Ichabods abroad: music in Russia

Jessica Knieff

Eight Ichabods visited Russia during an almost two week trip to experience the cultural and musical life that Russians enjoy.

Six of the students were music majors and the remaining two were music minors. These students were accompanied by Gordon McQuere, professor of music and former dean of the College of Arts and Sciences, and Andrea Garritano, lecturer of voice and director of opera.

The first portion of the trip was spent in Saint Petersburg where the students took a city tour, attended several concerts, visited museums and cathedrals and ate local food. They also visited children at the Andreeva School of Music and enjoyed a concert.

Then they took a hydrofoil, a boat which has its hull lifted clear of the water to increase speed, to Peterhof, which was a summer home to some of the Czars.

Sydney Anderson, sophomore music performance major, said that the visit to Peterhof was her favorite part of the trip.

“It had beautiful fountains and gardens,” Anderson said. “It was the first time since we had arrived in Russia that we had gone outside the city and it felt like a breath of fresh air to see so many plants.”

According to Anderson, following the stay in Saint Petersburg, they took an evening train into Petrozavodsk. There they met up with Dmitri Nizovtsev, professor of economics and international studies coordinator for the Washburn School of Business in his hometown.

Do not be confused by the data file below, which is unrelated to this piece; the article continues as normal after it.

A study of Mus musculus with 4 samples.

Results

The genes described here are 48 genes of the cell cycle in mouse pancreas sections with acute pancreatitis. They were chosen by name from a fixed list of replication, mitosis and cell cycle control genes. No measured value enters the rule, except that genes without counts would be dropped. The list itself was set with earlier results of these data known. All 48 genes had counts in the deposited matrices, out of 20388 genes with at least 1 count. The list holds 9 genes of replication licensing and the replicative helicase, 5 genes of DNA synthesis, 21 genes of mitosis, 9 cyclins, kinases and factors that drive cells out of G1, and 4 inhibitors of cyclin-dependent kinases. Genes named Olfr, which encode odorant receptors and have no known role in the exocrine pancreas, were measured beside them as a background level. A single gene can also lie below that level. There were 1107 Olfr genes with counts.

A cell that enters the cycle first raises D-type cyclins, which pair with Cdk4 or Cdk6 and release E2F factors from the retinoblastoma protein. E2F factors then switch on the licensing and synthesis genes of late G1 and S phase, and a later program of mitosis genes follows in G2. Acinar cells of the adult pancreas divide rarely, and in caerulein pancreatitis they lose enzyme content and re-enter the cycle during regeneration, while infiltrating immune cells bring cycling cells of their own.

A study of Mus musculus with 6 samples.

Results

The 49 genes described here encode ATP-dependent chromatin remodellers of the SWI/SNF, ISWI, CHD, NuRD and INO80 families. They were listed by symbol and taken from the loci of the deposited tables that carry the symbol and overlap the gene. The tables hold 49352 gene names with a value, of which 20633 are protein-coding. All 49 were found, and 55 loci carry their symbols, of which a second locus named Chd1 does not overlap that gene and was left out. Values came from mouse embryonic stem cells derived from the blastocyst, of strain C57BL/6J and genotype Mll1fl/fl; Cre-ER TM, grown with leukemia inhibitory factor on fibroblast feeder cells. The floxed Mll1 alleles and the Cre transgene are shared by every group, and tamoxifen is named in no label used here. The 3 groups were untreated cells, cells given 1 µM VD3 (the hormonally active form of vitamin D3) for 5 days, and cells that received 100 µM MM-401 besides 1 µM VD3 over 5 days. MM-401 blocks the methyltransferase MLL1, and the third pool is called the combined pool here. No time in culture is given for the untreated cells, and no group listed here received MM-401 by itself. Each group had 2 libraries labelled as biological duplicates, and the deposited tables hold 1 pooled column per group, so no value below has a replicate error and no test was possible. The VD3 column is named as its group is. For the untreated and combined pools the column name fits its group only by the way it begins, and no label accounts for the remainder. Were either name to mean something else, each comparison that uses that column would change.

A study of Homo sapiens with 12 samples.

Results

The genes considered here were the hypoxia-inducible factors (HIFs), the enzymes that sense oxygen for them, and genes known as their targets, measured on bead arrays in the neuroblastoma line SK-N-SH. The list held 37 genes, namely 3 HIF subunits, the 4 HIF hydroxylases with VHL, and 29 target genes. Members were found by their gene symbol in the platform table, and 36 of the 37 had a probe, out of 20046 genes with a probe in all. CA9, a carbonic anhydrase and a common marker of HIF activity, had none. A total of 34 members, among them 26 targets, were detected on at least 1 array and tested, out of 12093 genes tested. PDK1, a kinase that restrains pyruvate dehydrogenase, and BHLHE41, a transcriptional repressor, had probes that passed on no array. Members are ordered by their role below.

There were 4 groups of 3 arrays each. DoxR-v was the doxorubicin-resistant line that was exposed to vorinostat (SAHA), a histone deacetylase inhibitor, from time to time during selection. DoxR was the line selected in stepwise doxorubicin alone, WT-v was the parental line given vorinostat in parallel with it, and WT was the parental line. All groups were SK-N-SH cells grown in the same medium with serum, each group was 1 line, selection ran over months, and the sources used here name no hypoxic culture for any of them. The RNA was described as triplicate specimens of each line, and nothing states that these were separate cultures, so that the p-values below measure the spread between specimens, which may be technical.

“We got not only a great translator, but did some things we wouldn’t have been able to do without his connection to the city,” Anderson said.

After a few more days of tours of concert halls and music schools, hydrofoil rides and more historic sites, the group took an overnight train to Moscow. There they got to see the opera Boris Godunov at the Bolshoi Theatre.

They took a tour of the famous theater, as well as many other museums and attended a few more concerts before heading back to the United States.

Alexandra Kovatch, a spring 2017 graduate with a bachelors in music performance, was on the trip as well.

“There was never one day less exciting than another,” Kovatch said. “Every day was a little different and we saw something new whether it was music related or touring a historical site.”

She said she found it interesting that every person she met wanted to talk and share about their country, its history and their culture.

Anderson and Kovatch both found many of the cultural differences surprising, but were still able to find many similarities.

Anderson said it was an adjustment that Europeans don’t put ice in their water and that the students had to brush their teeth with bottled water during their trip as the tap water was not safe to drink.

“I’ll never take those things for granted again,” Anderson said.

Kovatch and Anderson both recommend this trip to music majors and non music majors alike.

“You learn so much about how music is taught in other countries and we saw so much folk music that we could have only seen in Russia,” Anderson said. “It was truly a unique experience.”